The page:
CGID slams Jagdeo as desperate to grab Guyana’s oil money, warns of PPP secret deals to give part of Essequibo to Venezuela
BROOKLYN: A war of words is brewing between Guyana’s Opposition Leader, Bharrat Jagdeo and his former student, Rickford Burke, President of the Caribbean Guyana Institute for Democracy (CGID). Jagdeo on Thursday attacked Burke as a “political neophyte” who is speaking for Guyana’s APNU+AFC coalition government. Jagdeo insisted that the government, which narrowly lost a no confidence vote in Parliament on December 21, must resign and call general elections.
Jagdeo brought the motion against the coalition government, led by President David Granger, which has a one seat majority in Parliament. The coalition has 33 seats in the 65 seat Parliament, while the PPP has 32. The motion passed, 33 to 32 votes, after government back-bencher, Charrandas Persaud, joined the opposition PPP to vote for the motion, then immediately fled the country to Canada. Persaud has been accused of accepting a multimillion dollar bribe, to which he responded, “so what if I was paid?” in a Facebook post.
Burke drew Jagdeo’s ire after he wrote to Speaker of the National Assembly, Dr. Barton Scotland, asserting CGID’s position that Persaud’s vote contravened Article 156.3 (a) and (b) of the Guyana constitution and should be nullified. Article 156.3 mandates that a MP first declare in writing to the Speaker an intention to vote against his or her party’s list, and upon so doing must be expelled see letter – Charrandass Persaud: Open Letter to Speaker Dr. Bartland Scotland.
Burke fired back in a CGID statement Saturday saying
Bharrat Jagdeo is a desperate, two bit hustler with an insatiable craving for Guyana’s oil money. He is power drunk and desperately wants to be president again, but the Caribbean Court of Justice (CCJ) rejected his unconstitutional bid for a third term as President. He’s therefore suffering from rejection syndrome, and is determined to make the country ungovernable. His boorish name calling is beneath the dignity of a constitutional officer of Guyana.
Burke dismissed Jagdeo’s claim that CGID speaks for the government as “delusional.” He asserted that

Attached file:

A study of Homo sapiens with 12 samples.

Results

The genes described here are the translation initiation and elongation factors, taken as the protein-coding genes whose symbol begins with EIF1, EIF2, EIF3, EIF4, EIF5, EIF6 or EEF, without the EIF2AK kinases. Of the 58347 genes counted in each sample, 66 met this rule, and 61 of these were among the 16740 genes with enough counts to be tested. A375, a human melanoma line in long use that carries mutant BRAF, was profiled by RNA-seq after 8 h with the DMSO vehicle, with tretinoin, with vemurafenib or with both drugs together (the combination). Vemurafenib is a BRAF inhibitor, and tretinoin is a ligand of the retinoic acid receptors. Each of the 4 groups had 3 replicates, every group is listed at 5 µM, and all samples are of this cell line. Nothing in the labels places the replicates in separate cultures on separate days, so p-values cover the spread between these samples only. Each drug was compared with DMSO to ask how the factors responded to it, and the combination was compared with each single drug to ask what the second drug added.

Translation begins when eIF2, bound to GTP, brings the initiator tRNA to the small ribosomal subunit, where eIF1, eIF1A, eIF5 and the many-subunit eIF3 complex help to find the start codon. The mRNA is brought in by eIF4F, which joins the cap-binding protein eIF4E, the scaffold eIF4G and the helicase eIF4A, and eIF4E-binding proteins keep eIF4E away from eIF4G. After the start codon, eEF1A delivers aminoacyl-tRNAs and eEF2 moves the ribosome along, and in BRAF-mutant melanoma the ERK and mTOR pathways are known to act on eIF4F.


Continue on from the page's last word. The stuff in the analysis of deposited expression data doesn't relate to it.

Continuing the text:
CGID speaks for thousands of Guyanese who are outraged at the treason committed by bribing a coalition Member of Parliament (MP) to vote against his own parliamentary list and government. CGID likewise speaks for all Guyanese who believe in the rule of law which prohibits a MP from voting against his own list.” Burke added that “as president, Bharrat Jagdeo amended the very Article 156.3 of the constitution to prevent his party’s MPs from taking this exact vote. He therefore knows that Persaud’s vote is unlawful.
CGID asserted that
there are potentially three constitutional violations associated with the no confidence vote.” It said A MP cannot cross the floor or hold dual citizenship as Chrandass Persaud allegedly does, and it is now widely held that a no confidence motion requires 34 and not 33 votes to pass.” The institute maintained that “Parliament cannot violate the constitution. Therefore this matter has to be settled by the courts.
The institute accused Jagdeo of dividing Guyana and tearing away national cohesion. CGID also blasted the opposition leader’s call for the government to resign as “reckless, hysterical nonsense.” It said that the APNU+AFC coalition government is the duly elected, constitutional government and will remain so until general elections are called.
CGID noted that
the majority of Guyanese rejected Jagdeo and the PPP in 2015, because of their discriminatory and corrupt management of the nation’s resources for 23 years.” The Institute noted that Guyanese are not prepared for the country’s resources and oil revenues to be managed by the PPP.” The institute posited that “the coalition government has eliminated corruption, engendered national stability and cohesion, created significant economic growth and placed Guyana on the threshold of modern development.” It cautioned that “these gains are now imperiled by the instability being engineered by the PPP.
CGID contended the instability brought about by the PPP’s unpatriotic rhetoric and parliamentary coup has opened Guyana to external threats. The institute said that Guyanese must hold the PPP accountable for the December 22, 2018 Venezuelan Navy invasion of Guyana’s waters that disrupted ExxonMobil’s oil exploration, and which led to Exxon Mobil suspending operations in Guyana. “We cannot allow PPP’s reckless drive for power to gain control of Guyana’s oil revenues to threaten the Guyana’s oil production, economic growth and development. This PPP recklessness must be stopped, or it will destroy Guyana,” the institute contended
CGID reminded Guyanese that the PPP already made a reckless backdoor deal to give Venezuela part of Essequibo to build a corridor to the Atlantic Ocean to ship Venezuelan oil. It also recalled that in 1999 the PPP signed a secret agreement for Venezuela and Guyana to work jointly to determine the impact of logging and mining in Essequibo. CGID argued that these PPP agreements give Venezuela leverage over Essequibo. It condemned them as irresponsible, unpatriotic and ill-advised and said Guyanese must demand that they cancelled.
“As an Essequibian, I’m concerned about the PPP’s appeasement and secret deals to give away part of Essequibo to Venezuela. This should scare all Essequibans and Guyanese. All Guyanese must join in unity and fight to defend Essequibo and Guyana from the PPP’s power grab,” Burke was quoted as saying.